Wednesday, 19 October 2011


Since year 2000 most of tea plantations in Indonesia had been in adverse condition. Total area were contracting by around 8,000 ha each year. In 2000 total area of tea plantation reached 153,675 ha whilst in 2009 it was 126,251 ha. Sutoni Arifin, Executive Director of the Indonesian Tea Council made this statement.

Production output of people’s tea plantation were showing downturn as well, now posted at less than 1 ton/ha/year and many of them even converted their tea plantation into seasonal plants. And yet around 50% of tea plantations in Indonesia were people’s plantation, the number of farmers posted at 100.000 family heads; now their state of welfare being most adverse.

Low productivity and poor welfare of farmers was because land ownership was less than 1 ha per family. The condition made farmers split their attention to other activities, leaving their tea plantations unattended and consequently yielding low output. Compare this to plantations belonging to PTPN where productivity reached 2 tons/ha/year.

If this condition were let to happen, the process of conversion from tea to vegetables would continue. Evidently tea plantations could hold water so land erosion could be prevented. If conversion continued to happen then disasters like landslide might be inevitable.

The only way to prevent natural disaster was an integrated national agri-business movement for tea plantation, especially people’s tea plantation. Reformation would begin from improvement of farmers’ business sub-system, processing until marketing. The improvement exercised by the Government today was only on one sub-system, i.e. farmers’ business which did not solve problem on the overall.

His movement would be successful if handled by all parties including farmers, cooperative societies, business people, and trans Governmental ministries and all levels. “The way it has been the one who took to action was only the Ministry of Agriculture through Plantation Divisions in the regions, while other parties were not involved” Arifin remarked.
The tea industry in Indonesia still held great potentials to be reformed and developed. Productivity could still be increased to 2.5 tons/ha/year. The market could also be developed especially at home in Indonesia by increasing per capita consumption from 330 gr/year to 600 gr/year in the next 5 years.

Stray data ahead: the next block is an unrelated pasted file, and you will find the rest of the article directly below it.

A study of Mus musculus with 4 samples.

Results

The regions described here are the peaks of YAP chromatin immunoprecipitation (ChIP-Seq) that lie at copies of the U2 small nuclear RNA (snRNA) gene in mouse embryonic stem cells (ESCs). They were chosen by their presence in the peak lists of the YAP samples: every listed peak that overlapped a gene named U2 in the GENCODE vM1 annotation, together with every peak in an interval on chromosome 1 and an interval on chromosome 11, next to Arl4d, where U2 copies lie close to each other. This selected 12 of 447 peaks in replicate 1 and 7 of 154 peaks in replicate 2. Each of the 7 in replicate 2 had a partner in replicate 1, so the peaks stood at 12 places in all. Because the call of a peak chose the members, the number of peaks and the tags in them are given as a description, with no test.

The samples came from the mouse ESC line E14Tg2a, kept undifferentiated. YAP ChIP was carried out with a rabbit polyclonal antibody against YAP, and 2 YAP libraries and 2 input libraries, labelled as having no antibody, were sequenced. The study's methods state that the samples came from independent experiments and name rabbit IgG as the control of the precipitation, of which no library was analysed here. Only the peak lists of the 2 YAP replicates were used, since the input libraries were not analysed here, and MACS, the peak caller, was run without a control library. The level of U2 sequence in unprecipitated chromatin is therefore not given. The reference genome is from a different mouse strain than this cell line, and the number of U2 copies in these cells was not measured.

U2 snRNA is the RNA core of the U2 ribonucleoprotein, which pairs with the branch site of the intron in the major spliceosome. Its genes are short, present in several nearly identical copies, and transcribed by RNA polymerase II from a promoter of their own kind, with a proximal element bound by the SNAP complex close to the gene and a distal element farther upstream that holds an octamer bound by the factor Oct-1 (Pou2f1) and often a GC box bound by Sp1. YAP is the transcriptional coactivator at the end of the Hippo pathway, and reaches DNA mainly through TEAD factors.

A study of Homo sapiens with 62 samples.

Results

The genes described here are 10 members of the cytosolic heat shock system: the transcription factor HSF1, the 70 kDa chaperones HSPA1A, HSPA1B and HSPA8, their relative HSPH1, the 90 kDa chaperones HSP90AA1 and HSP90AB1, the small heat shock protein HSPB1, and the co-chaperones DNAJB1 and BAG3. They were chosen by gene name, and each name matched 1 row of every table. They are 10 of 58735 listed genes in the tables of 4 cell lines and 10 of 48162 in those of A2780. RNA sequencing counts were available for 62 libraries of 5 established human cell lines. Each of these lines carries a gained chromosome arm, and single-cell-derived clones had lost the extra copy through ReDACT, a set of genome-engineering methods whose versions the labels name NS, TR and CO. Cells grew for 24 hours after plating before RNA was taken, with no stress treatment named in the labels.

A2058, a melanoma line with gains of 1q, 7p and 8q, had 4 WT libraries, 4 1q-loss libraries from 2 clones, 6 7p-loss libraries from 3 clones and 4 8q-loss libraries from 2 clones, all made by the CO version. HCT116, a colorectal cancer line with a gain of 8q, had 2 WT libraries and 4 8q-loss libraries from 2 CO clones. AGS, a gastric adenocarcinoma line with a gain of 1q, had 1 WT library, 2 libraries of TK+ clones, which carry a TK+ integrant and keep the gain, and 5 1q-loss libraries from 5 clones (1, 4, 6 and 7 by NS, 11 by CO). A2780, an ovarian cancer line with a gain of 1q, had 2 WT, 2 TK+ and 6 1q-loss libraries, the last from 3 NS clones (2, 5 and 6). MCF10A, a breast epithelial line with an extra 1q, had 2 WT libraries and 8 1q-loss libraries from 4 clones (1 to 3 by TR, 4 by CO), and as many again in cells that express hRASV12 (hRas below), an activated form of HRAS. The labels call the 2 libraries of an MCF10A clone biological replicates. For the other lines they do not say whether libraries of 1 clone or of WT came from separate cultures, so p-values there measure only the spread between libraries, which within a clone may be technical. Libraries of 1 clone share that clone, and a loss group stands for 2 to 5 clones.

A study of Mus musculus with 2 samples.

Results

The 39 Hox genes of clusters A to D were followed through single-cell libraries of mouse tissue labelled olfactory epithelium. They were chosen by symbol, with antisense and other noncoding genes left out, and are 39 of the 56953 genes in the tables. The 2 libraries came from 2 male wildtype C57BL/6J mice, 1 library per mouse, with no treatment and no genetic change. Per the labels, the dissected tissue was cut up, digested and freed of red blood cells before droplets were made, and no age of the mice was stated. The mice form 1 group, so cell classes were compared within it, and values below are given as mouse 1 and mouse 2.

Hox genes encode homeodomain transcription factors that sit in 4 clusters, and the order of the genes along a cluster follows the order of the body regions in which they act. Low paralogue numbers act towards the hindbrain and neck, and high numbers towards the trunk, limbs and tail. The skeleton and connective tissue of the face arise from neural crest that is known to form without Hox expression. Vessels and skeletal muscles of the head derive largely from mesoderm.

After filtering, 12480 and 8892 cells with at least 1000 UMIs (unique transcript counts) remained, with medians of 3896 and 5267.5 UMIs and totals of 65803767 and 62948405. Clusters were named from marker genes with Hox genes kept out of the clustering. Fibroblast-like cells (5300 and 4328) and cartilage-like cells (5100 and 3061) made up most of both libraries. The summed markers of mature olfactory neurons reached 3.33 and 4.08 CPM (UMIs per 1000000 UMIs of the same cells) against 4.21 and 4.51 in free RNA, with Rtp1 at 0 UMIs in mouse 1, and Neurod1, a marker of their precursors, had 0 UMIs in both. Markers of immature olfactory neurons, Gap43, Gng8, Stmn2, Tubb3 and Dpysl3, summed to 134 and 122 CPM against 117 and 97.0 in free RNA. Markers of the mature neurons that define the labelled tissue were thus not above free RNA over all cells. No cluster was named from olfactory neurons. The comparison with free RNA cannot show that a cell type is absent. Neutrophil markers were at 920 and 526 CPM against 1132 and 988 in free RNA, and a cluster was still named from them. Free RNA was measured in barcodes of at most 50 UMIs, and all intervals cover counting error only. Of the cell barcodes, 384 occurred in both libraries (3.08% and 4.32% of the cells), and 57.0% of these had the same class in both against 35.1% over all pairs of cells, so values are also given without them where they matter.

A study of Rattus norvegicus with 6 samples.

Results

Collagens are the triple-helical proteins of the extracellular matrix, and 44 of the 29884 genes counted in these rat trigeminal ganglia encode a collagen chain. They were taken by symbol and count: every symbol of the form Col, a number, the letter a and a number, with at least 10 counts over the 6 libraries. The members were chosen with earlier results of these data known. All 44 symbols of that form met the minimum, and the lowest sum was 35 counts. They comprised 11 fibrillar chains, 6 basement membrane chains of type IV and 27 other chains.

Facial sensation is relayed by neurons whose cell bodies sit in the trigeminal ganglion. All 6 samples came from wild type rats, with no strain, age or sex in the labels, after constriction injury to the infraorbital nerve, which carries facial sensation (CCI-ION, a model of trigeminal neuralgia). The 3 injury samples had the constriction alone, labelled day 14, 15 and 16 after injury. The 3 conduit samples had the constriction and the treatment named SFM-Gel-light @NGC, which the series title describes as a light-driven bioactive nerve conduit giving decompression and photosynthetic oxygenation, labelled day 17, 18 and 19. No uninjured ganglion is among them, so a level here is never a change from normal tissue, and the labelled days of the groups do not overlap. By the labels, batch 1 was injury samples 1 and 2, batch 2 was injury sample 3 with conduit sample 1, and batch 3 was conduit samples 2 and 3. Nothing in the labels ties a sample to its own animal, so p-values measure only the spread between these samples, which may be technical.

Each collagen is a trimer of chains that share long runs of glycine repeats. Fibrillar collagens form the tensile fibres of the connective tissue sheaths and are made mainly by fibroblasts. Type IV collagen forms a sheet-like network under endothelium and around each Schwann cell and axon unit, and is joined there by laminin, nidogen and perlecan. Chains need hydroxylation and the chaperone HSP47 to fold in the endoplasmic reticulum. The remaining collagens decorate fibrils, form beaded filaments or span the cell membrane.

The movement, which was exercised from upsteam to downstream was essentially to increase price at farmers’ level so their welfare could be promoted. The modus was by creating clusters, where in 5 clusters there were at least ha of people’s tea plantation.

In each cluster farmers’ group were formed in the form of cooperatives. In each cluster problems faced by farmers were identified whether in the sub-system of farmers business, processing or marketing. Problem solution must be done on the overall if solutions were portional, for example only on productivity only without quality and price upgrading, then farmers’ welfare would not be too much uplifted.

Partnership between businessmen and farmers which had been engaged so far was between PTPN VII and farmers in Cianjur, Garut and Bandung; Partnership between farmers and PT Pagilaran in Central Java; partnership between farmers and KPB Chakra in Madjalengka, Garut and Bandung; partnership between farmers and Business Watch Indonesia in Central Java and West Java, between farmers and Bhica Tea Indonesia Partnership (ETP) in the Regency of Bandung; and partnership between farmers and PT Sedap Wangi in the Regency of Cianjur.

Tea plantations was known to accommodate 320,000 workers and provide bread and butter for 1.3 million people. Contribution of tea to GDP was Rp 1.2 trillion yielding forex of USD 110 million/year. Direct linkages ahead and backward reached 1.5 to 3.

Total area of tea plantation in 2009 reached 12,251 ha consisting of people’s plantation 46%, PTPN 30% and the private sector 26%. The most expansive was in West Java covering 97,138 ha or 77% of total area of tea plantation in Indonesia. Beside West java tea plantations were spread out in Central Java, East Java, Yogyakarta, North Sumatra, West Sumatra, Jambi, Lampung, Bengkulu, South Sulawesi and Southeast Sulawesi.

In terms of environment, tea plantations was relatively green because it supported conservation of land water. For example if tea plantation were converted into vegetable fields there was bound to be flood downstream.